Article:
Splunk, a company that uses BigData technology to analyze huge amounts of customer and transaction data, just went public with a valuation at 28X revenue ($3.2 billion). This valuation trumps the hot companies in social networking: Jive trades at 20X revenue, Google trades at 5X revenue, and Facebook, well we'll see.
Why the huge valuation? Because BigData is BigBusiness. I now live in the world of corporate talent management and HR, but in my prior life I was the director of data warehousing products for a database company. There is almost no limit to the value of deep data analysis in business. And with more than 8 Exabytes of data now captured in businesses today (expect to grow to 44 Exabytes in the next 6 years), we are all going to want to analyze more data faster. (One Exabyte is equal to 140,000 X the data in the entire Library of Congress.)
I want to highlight a few key issues which affect you as a business leader, and talk a little about what BigData means to HR and talent management.
1. Most businesses today have plenty of data with which to make decisions.
What they lack is fast, transparent systems which produce this data in real time. Hence the huge market for tools and services companies like Splunk. And there are dozens more right behind soon to go public.
I just delivered a keynote speech on Building Business Agility through People at our research conference, and I cited the fact that The Economist asked more than 500 CEO's what would create agility in their company. Of the top four items cited, one of the most important was "delivering transparent information about customers, products, and people to line management."
This solution, delivering transparent information to line managers, is one of the biggest competitive advantages you can build.
2. Outside of customer analytics and marketing analytics, internal talent analytics is one of the most exciting new opportunities in business.
We have been working with a special working group of top companies in the area of BigData for HR. What these companies are doing is consolidating hundreds of data elements about their own people and then correlating them to customer retention, sales performance, safety, fraud, and many other measures. And what they are finding is that BigData in HR is just as valuable as BigData about customers.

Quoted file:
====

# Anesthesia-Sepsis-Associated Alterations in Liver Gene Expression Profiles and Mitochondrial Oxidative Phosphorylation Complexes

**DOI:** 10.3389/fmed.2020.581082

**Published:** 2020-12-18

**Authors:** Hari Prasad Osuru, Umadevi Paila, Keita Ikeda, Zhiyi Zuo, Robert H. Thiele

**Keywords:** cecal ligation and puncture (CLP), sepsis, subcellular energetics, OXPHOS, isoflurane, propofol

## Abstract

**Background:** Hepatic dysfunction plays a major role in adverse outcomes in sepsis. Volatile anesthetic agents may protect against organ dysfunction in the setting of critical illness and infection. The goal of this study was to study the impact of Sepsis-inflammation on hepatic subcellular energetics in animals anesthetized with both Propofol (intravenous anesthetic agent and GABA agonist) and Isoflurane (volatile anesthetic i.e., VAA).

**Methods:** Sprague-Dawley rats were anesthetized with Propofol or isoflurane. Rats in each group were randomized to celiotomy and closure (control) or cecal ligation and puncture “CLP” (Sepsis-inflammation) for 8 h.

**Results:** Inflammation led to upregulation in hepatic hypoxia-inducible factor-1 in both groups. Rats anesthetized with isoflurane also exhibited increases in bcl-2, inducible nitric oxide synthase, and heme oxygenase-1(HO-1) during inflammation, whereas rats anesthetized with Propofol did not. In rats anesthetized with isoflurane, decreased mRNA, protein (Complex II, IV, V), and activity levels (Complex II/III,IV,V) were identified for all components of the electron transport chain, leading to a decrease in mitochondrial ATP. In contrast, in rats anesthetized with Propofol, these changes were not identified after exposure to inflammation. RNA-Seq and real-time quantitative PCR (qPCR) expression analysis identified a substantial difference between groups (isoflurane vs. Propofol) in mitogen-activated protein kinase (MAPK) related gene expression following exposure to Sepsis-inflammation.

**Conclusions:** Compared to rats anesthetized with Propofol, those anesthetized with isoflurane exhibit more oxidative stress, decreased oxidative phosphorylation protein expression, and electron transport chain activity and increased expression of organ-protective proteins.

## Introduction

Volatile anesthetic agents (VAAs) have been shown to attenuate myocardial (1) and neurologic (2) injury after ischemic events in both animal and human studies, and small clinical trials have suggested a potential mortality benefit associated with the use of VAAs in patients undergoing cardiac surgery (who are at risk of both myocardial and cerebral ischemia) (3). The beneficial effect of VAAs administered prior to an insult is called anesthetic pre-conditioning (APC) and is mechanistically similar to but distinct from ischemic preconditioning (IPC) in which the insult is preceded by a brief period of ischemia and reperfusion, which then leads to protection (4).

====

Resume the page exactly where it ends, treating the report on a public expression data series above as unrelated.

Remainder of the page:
Let me give you an example. A large retail bank found that "leakage" (theft) from many of its smaller branches was highly correlated to certain behaviors and people-related data in their company. In fact, there was a direct correlation between branch fraud and the age, location, and travel behaviors of branch managers. Managers who visited branches more often reduced fraud.
This may seem like an obvious finding, but it gave the company a whole range of new strategies for hiring, development, and coaching of branch managers.
Another large organization, the Royal Bank of Scotland, has correlated its employee engagement measures in such detail that they can actually predict branch performance based on management behavior.
3. Talent Analytics is still a brand new industry.
Customer analytics and marketing analytics have been around for years. But talent analytics is new. Human Resources teams have had "HR Analytics" teams for many years, but only now are they starting to rigorously correlate all this internal people-data to business data.
Our working group research identified a four-stage maturity model for talent analytics, and we found that fewer than 8% of all companies are even close to stage 4. This means that most companies have barely started to tap into the huge reservoir of data they have about their employees.
Remember that in most businesses payroll is the largest expense item, and that small improvements in employee productivity drive enormous financial returns.
So if you put as much energy into optimizing your people decisions as you may be putting into the optimization of your product and marketing strategies, you will see a huge change.
4. Tools to implement talent analytics are available today.
The best news of all is that this solution is not limited by tools. Every major HR software vendor now offers an analytics platform which lets you expose, export, and analyze all the data you have about your people. (This includes Oracle/Taleo, SAP/SuccessFactors, SumTotal, PeopleFluent, Saba, Mercer, ADP, Workday, TowersWatson, and nearly every other major HR and talent management vendor - including SHL, which now exposes assessment data across millions of candidates and employees.)
What our research found is that the limitation is you. Only 6% of HR organizations feel that they have excellent analytic skills internally and most have not yet invested the time it takes to build a holistic analytics function. And our studies have shown that ultimately the talent analytics team should be part of the entire company-wide analytics function - because data about people, behaviors, customers, and products all relate to each other.
Think about this as the "rebirth" of the business intelligence and data warehousing industry. Back in the 1980s when I was a product manager we thought it was pretty exciting. Now, thanks to BigData tools and cloud computing, its even hotter than ever.
I will make the time to publish great examples and insights in this area - it's a huge opportunity for business and HR leaders at all levels.